Wearable Distractions

For the past couple of months I’ve had a post about wearable technology sitting in a drafts folder, waiting to be edited for the 10th time and published. It was born out of the frustration of spending time with people, constantly being interrupted by the wondrous technology we all surround ourselves with.

Sometimes you struggle to find the right angle on a topic. This piece of writing in particular kept bending towards the “rant” rather than the “insightful” end of the spectrum. Luckily, one day before Apple’s expected announcement of their first wearable device, Josh Clark created a far more interesting article than I could have:

[Wearables] should reinforce connections with the people we love and the places we visit, instead of isolating us under a torrent of data. They should draw us into the world instead of drawing our eyes to a screen.

The entire piece is worth a read.

Tools Not Toys

Google's Project Ara has a wonderfully misleading sales pitch. It's a cell phone that lets you choose the parts you want in order to create your perfect phone. Interested in photography? Buy a high quality camera component and snap it on. Sounds simple. However, dig a little deeper and fundamental problems with this idea start to emerge.1

What if the camera you buy has features that the camera app you use doesn't support? What if the camera's drivers are buggy? What if the camera hardware requires two component spaces on the phone frame instead of one? Is everyone meant to play a game of geometry to figure out what set of components fit together to allow the features they want?

How about a different scenario. What if you buy a higher resolution screen, only to find out that your phone's GPU is too slow to support it? What if you buy a faster GPU and it requires a faster interconnect than your cell phone frame uses? Why should anyone even need to know what a GPU is?

There's also the tradeoff of bulk, where making every component removable means losing significant space to external housing and interconnects. Even worse, each component is forced into a predetermined size whether it needs the space or not.

An optimist would say that Google is working on solutions to these challenges. On the other hand, you could look at 30 years of history with PCs and predict a bleaker outcome for Project Ara. In this more likely scenario, customers will need to figure out what components work together, which have stable drivers, where to buy them, and how to configure them.

It should be clear by now that the reality of piecing together technology components never lives up to the promise of a seamless product. Every time the tech industry tries to do this, it finds out that the whole is less than the sum of its parts. Exhibit A: Compare any laptop to Apple's MacBooks. Exhibit B: Compare any Android phone to Google's Nexus line. Exhibit C: Compare any Windows tablet to Microsoft's Surface.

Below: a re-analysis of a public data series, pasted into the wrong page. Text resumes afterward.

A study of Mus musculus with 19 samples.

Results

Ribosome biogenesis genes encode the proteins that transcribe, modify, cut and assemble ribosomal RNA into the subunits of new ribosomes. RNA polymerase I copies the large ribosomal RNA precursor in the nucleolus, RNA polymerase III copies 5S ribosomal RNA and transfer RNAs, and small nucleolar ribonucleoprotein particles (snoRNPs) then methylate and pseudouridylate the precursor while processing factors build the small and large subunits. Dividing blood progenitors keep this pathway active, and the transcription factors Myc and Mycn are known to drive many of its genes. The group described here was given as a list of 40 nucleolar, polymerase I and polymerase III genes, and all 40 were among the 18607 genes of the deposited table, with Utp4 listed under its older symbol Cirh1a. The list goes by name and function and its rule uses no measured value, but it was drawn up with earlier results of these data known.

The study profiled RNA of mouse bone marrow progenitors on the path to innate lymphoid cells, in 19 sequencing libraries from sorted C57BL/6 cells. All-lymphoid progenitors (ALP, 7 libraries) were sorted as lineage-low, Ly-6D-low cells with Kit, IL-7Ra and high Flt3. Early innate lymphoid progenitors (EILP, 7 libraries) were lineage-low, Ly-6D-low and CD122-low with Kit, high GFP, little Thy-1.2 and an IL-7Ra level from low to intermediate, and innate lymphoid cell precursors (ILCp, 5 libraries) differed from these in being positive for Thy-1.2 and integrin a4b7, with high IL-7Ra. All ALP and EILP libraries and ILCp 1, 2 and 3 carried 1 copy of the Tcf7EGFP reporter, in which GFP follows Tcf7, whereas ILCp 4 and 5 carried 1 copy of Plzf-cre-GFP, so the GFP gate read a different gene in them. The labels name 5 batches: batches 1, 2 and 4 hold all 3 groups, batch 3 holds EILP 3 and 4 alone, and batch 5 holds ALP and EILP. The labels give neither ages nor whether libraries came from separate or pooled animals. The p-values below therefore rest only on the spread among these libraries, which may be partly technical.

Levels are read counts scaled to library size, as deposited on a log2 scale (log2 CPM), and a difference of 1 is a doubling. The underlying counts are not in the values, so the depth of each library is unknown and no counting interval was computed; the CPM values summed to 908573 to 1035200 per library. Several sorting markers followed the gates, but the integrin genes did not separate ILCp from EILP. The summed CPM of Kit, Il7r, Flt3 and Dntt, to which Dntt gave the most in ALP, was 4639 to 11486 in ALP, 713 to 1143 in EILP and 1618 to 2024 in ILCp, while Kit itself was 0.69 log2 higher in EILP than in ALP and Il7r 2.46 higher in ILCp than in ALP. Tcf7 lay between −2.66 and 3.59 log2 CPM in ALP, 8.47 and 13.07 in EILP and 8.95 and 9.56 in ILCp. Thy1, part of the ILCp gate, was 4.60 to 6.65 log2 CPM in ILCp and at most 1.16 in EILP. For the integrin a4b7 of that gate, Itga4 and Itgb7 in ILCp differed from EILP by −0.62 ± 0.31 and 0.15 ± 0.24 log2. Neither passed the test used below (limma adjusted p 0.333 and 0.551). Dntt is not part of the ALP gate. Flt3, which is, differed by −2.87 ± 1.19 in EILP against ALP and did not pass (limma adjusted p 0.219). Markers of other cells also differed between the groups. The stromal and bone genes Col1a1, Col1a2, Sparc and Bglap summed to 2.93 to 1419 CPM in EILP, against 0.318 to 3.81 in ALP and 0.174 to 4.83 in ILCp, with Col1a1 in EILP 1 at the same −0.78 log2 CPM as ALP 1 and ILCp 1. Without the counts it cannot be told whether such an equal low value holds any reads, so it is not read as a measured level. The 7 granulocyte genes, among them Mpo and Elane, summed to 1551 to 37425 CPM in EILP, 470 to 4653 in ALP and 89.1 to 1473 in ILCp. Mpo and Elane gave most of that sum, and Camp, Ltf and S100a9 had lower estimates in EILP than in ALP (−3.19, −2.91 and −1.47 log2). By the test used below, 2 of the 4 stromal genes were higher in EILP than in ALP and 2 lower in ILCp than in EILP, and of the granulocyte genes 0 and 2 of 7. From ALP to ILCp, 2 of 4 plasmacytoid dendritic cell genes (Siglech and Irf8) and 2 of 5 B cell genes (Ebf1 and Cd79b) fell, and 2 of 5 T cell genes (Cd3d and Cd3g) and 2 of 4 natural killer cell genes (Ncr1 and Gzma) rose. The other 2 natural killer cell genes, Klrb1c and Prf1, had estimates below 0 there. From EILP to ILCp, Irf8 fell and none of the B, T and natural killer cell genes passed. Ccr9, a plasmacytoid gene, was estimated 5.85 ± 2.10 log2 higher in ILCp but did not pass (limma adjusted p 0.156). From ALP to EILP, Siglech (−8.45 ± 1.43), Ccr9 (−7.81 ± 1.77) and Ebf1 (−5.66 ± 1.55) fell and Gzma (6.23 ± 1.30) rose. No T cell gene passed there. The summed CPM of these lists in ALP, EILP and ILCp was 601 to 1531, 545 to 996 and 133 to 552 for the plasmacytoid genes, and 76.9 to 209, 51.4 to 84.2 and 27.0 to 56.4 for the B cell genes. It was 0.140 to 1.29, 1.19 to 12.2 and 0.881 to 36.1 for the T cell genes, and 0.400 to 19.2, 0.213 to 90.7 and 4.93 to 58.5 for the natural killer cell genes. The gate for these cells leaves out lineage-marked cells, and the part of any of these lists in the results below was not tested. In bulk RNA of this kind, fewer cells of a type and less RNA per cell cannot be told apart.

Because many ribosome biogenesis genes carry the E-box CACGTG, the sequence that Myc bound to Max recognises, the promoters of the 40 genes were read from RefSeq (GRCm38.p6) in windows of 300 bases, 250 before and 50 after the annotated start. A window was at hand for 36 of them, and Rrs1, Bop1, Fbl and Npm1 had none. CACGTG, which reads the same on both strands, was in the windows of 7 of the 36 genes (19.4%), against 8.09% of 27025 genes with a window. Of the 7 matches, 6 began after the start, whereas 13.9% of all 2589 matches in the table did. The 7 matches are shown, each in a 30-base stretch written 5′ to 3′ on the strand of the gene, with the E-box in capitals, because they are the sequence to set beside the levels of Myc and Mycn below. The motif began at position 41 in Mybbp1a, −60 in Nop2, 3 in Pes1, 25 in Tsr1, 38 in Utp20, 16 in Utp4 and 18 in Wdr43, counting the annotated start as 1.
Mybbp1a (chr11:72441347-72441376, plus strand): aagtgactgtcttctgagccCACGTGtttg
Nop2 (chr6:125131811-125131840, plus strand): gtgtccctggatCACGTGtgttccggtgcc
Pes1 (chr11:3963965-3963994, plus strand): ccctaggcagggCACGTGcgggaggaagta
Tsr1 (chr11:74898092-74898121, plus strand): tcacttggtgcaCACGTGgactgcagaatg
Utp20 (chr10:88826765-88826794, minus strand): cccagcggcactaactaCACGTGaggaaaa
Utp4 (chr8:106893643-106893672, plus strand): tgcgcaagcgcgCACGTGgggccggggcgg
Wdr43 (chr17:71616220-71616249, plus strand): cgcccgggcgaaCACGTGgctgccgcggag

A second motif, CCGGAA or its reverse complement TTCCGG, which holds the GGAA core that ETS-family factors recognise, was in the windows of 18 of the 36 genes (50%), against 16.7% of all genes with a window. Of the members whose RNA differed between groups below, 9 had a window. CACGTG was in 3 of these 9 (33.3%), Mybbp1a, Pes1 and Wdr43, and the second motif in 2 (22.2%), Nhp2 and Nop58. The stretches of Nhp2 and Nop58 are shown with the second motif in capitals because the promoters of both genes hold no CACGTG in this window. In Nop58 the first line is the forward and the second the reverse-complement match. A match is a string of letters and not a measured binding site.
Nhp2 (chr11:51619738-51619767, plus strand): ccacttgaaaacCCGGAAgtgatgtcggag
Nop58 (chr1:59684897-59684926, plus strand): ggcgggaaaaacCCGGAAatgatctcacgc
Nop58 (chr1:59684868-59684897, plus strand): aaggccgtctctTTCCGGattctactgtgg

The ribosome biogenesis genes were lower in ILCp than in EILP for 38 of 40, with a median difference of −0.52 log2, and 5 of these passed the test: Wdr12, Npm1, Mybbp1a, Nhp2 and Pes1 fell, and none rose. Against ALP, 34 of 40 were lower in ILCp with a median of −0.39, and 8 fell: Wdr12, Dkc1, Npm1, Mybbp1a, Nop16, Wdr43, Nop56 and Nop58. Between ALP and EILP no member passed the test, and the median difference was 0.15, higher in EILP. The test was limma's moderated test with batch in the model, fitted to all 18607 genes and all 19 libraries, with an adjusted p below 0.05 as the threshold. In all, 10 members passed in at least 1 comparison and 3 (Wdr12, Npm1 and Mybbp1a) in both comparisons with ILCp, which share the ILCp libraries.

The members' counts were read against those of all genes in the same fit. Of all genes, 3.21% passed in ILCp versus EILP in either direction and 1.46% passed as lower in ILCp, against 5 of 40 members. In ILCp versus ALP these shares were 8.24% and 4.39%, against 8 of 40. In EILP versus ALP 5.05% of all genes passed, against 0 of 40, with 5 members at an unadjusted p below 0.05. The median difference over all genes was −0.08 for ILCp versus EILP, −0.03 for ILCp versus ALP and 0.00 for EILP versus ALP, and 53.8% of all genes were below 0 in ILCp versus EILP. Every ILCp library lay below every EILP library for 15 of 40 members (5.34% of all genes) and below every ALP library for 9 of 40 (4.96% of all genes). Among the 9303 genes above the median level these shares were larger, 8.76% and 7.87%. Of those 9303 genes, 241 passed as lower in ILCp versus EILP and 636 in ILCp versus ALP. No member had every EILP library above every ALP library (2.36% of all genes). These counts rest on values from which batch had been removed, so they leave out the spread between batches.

Fraser Speirs once wrote:

The Real Work is not formatting the margins, installing the printer driver, uploading the document, finishing the PowerPoint slides, running the software update or reinstalling the OS.

The Real Work is teaching the child, healing the patient, selling the house, logging the road defects, fixing the car at the roadside, capturing the table's order, designing the house and organising the party.

As someone who works to make technology transparent, Project Ara strikes me as a wrongheaded concept. It rewinds the clock on the last decade of progress in the tech industry. Instead of ushering in a new generation of personalized, upgradeable phones, it will be a mess of barely functioning components from different companies, with limited compatibility across generations of hardware.

We should be making tools that people can use effortlessly instead of pretending tech products are toys that people want to spend time tinkering with.

  1. Let's temporarily ignore the fact that Project Ara is vaporware, despite a puff piece in Time and the usual breathless coverage in the tech press.


Thanks for the weirdly unsettling notification, Facebook:

Facebook alert: "You have more friends on Facebook than you think"

Should I be feeling insecure about my social life? Does your data mining know something I don’t? Are my real life friends about to leave me? Is it me? Am I too anxious?? Oh God! It’s me isn’t it?!!

Number of Clicks Doesn't Equal Ease of Use

Jon Bell recently stated that counting the number of clicks needed to complete a task can be a misleading objective when designing software. I recently illustrated this exact point in the UX class I teach by way of an example from a real world usability study.

In the study, we tested two designs for a mobile checkout flow. One had most of the flow condensed into one page. The other split the flow into 8 or so separate pages, with each step asking a simple question such as “Are you a new customer? [Yes] [No]”.

Conventional wisdom would have predicted the first design to be more successful. Not only did it require fewer taps to complete the checkout task, but it was faster since there were fewer pageloads involved. However, users overwhelmingly preferred the second multi-step design because they had an easier time completing the task.

Rather than aiming to reduce the clicks needed to complete a task, aim to reduce the user's cognitive load. There is no one-size-fits-all solution for this goal. The only thing you can count on is that number of clicks isn't a valid metric to measure it by.